MercoPress, en Español

Montevideo, October 28th 2020 - 09:34 UTC

 

 

Racial and ethnic minorities suffer the most adult obesity in the US

Friday, September 18th 2020 - 08:42 UTC
Full article
In 2019, at least 35% of the adult population were obese in 12 states, up from nine in 2018, based on data taken from a telephone survey by the CDC In 2019, at least 35% of the adult population were obese in 12 states, up from nine in 2018, based on data taken from a telephone survey by the CDC

Adult obesity is rising in the United States, with a greater impact on racial and ethnic minorities, a US Centres for Disease Control (CDC) report showed, at a time when the health condition is seen causing heightened risk for severe COVID-19.

In 2019, at least 35% of the adult population were obese in 12 states, up from nine in 2018, based on data taken from a telephone survey by the CDC and the state health departments.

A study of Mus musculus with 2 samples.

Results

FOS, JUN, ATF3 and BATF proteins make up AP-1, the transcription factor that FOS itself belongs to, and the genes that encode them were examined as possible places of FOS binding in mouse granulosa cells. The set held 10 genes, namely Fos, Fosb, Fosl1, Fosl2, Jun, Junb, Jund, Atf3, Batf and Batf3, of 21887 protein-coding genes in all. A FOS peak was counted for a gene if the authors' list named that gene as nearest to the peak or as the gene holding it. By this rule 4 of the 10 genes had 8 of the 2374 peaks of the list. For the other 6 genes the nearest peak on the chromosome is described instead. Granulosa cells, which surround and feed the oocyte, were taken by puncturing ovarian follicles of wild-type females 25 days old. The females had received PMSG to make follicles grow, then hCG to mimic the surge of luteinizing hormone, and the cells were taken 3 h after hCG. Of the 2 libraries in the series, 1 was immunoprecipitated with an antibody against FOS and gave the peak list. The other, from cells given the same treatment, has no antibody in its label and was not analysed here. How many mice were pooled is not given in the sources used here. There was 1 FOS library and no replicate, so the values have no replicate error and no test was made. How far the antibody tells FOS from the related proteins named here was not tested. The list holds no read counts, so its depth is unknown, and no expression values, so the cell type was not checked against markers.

Alabama had the highest prevalence at 36.1%, followed by Alaska and Arizona, with Wyoming recording the lowest figures, with the health agency warning that obesity triples the odds of being hospitalised for COVID-19.

African American and Hispanic adults had higher prevalence than White adults and were more likely to suffer worst outcomes from COVID-19, the report, released on Thursday, said.

At 39.8%t, Black adults suffered the most from the health condition, followed by Hispanic adults at 33.8% and 29.9% among non-Hispanic White adults.

Racial and ethnic minority groups have historically had fewer opportunities for economic, physical, and emotional health, and many of these factors are contributing to the higher level of obesity, the report said.

The US health agency said college educated adults reported lower levels of obesity than people who did not graduate from college and young adults were half as likely to have obesity as middle-age

Top Comments

Disclaimer & comment rules

Commenting for this story is now closed.
If you have a Facebook account, become a fan and comment on our Facebook Page!